Senator Farley Announces "love Your Library" License Plates Available

 

Library lovers can show their appreciation with a new "Love Your Library" license plate available from the New York State Department of Motor Vehicles (DMV), thanks to legislation sponsored by State Senator Hugh T. Farley (R,C - Schenectady).

"As Chair of the Senate Subcommittee on Libraries, and the Senate sponsor of the law creating these special license plates, it is an honor to assist the DMV in the creation of this new custom license plate," said Senator Farley, adding, "I commend DMV Commissioner Martinez and his staff for working with the library community to develop this attractive design. We New Yorkers love our libraries and this is a great way to show our support."

The plate features a design logo of books, computer keyboard, and other library icons and includes the words "READ * LEARN * EXPLORE." It is available to anyone with a passenger or commercial vehicle registered in New York State.

The initial cost for the "Love Your Library" license plate with a number assigned by the Department of Motor Vehicles is $43 with an annual renewal fee of $25. The annual renewal fee from the sale of the "Love Your Library" license plate goes to support the New York State Library's Summer Reading Program which is offered by local libraries throughout the State. New Yorkers can order the "Love Your Library" license plate at any Department of Motor Vehicles issuing office, or by going to the department's website at www.nysdmv.com.

Extensive research has shown that library summer reading programs help prevent learning losses over the summer. Losses add up year-by-year and are one reason for the academic gap between low- and high-income children. The New York State Library's Statewide Summer Reading Program makes books, computer activities, and other reading-related activities available to youngsters in most communities throughout the State. For more information about the New York State Library's Statewide Summer Reading Program, go to the New York State Library website at www.nysl.nysed.gov and click on the "Statewide Summer Reading" buttons.

Earlier this summer, both Senator Farley and New York's State Librarian and Assistant Commissioner for Libraries Janet Martin Welch were honored by the American Library Association (ALA) and the Association for Library Trustees and Advocates (ALTA) during the ALA Annual Conference this June in Chicago.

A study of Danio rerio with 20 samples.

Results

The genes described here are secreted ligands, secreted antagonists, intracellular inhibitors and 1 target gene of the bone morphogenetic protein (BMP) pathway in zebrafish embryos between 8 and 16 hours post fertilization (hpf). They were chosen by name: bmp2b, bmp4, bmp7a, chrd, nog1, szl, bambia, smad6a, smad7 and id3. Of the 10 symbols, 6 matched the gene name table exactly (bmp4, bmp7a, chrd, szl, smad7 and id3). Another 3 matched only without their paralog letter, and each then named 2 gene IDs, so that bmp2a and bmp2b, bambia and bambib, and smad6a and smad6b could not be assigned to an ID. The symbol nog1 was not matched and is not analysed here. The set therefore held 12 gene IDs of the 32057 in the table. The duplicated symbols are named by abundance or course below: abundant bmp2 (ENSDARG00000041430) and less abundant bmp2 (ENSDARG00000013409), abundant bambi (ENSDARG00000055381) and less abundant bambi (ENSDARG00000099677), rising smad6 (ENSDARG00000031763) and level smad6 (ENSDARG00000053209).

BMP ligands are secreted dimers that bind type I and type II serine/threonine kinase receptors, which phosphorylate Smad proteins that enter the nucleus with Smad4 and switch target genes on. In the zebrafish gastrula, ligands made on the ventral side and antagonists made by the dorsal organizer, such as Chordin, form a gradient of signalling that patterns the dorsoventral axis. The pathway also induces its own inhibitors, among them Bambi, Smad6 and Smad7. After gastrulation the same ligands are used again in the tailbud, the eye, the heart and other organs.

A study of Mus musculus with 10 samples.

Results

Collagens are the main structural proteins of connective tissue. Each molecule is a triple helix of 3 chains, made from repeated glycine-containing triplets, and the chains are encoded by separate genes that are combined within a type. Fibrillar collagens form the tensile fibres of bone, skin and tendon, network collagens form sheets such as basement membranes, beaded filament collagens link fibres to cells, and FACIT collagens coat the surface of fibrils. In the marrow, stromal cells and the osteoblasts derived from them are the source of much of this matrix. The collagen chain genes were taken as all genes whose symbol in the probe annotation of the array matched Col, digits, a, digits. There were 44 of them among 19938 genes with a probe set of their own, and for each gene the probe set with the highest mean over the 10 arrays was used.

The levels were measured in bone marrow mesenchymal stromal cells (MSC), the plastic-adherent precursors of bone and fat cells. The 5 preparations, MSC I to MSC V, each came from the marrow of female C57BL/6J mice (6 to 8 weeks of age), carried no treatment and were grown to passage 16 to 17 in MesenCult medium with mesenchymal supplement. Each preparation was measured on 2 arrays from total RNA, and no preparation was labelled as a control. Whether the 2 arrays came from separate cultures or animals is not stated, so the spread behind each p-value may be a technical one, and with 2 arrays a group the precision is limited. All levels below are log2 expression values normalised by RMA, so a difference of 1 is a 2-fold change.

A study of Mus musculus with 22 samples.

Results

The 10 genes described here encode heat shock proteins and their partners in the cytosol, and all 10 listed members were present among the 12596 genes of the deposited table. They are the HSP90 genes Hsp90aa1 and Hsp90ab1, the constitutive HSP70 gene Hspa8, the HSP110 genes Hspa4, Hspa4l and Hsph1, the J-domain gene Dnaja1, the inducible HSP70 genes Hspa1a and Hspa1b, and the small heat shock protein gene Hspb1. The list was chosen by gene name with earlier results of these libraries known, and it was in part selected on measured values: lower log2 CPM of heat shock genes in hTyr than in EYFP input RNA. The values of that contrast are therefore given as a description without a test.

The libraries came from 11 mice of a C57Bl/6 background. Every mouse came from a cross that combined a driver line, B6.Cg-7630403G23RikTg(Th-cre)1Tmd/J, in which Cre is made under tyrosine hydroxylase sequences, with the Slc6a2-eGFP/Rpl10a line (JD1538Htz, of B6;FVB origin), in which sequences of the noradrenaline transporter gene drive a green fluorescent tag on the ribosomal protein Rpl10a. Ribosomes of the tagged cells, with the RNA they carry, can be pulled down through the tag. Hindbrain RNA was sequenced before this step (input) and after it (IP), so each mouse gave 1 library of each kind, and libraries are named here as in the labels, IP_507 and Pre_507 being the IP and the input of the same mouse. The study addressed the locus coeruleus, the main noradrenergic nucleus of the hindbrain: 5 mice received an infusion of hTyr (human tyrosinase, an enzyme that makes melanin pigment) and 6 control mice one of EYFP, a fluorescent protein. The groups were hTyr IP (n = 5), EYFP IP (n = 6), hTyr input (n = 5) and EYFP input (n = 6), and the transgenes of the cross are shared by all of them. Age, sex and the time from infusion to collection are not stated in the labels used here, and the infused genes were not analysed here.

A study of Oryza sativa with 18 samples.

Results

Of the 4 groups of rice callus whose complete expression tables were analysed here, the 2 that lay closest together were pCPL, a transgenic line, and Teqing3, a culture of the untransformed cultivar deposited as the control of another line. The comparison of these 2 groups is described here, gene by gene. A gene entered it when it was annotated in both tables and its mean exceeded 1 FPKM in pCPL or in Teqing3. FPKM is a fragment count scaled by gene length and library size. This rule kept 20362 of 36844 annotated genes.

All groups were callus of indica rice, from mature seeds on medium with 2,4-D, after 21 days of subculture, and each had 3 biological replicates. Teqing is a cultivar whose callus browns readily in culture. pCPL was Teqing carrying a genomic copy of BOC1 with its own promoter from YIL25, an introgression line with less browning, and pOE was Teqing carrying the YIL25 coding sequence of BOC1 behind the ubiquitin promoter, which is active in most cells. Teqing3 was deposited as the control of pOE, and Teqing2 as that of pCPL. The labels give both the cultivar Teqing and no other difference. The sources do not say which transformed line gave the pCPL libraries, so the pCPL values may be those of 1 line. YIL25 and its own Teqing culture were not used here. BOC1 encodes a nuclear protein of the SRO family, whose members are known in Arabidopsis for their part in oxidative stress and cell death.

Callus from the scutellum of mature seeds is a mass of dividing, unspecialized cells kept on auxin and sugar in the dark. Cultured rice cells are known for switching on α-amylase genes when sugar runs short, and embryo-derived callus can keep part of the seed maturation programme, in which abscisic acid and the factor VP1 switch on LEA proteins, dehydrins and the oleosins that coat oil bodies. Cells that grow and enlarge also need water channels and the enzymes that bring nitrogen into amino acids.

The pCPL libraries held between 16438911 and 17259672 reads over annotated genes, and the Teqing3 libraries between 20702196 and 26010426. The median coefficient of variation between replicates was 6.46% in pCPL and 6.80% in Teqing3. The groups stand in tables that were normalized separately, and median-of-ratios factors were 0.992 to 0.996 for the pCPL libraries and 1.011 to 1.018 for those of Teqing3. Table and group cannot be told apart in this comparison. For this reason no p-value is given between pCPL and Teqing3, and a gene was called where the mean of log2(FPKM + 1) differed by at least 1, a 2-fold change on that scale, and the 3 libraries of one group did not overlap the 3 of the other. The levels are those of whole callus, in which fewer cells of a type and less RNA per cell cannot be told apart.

"I am very humbled by this award," Senator Farley said. "Only three nominees from New York were honored this year and I am very proud to be part of this elite selection." The New York Times was the third honoree.

In a congratulatory letter to Senator Farley, ALTA Past-President Marguerite Ritchey wrote: "As you know, you were chosen by your state as one of the extraordinary library advocates of the past five years, and your name was added to the ALA/ALTA National Advocacy Honor Roll ... You have joined a select group of citizens who have truly made a difference in advocating for America's libraries ... Congratulations on this high honor and thank you for your outstanding service."

Senator Farley has been Chair of the Senate Subcommittee on Libraries since 1978, sponsoring virtually all significant library legislation adopted over the course of almost three decades. He was a member of the Governor's Commission on Libraries, an elected delegate to the White House Conferences on Libraries in 1979 and 1991, and a recipient of the President's award from the New York Library Association.

"Libraries are a place of lifelong learning," Senator Farley added. "Librarians are truly amazing people. They inspire our youth and invite them into a library where there is an adventure on every shelf. They are also instrumental in maintaining the cataloguing system, processing and preparing books and audiovisual formats, shelving books and other mediums. Librarians and their staff work so hard behind the scenes and I am proud to be an advocate for them and the 7,000 library institutions in New York State which offer services ranging from scholarly research to recreational reading."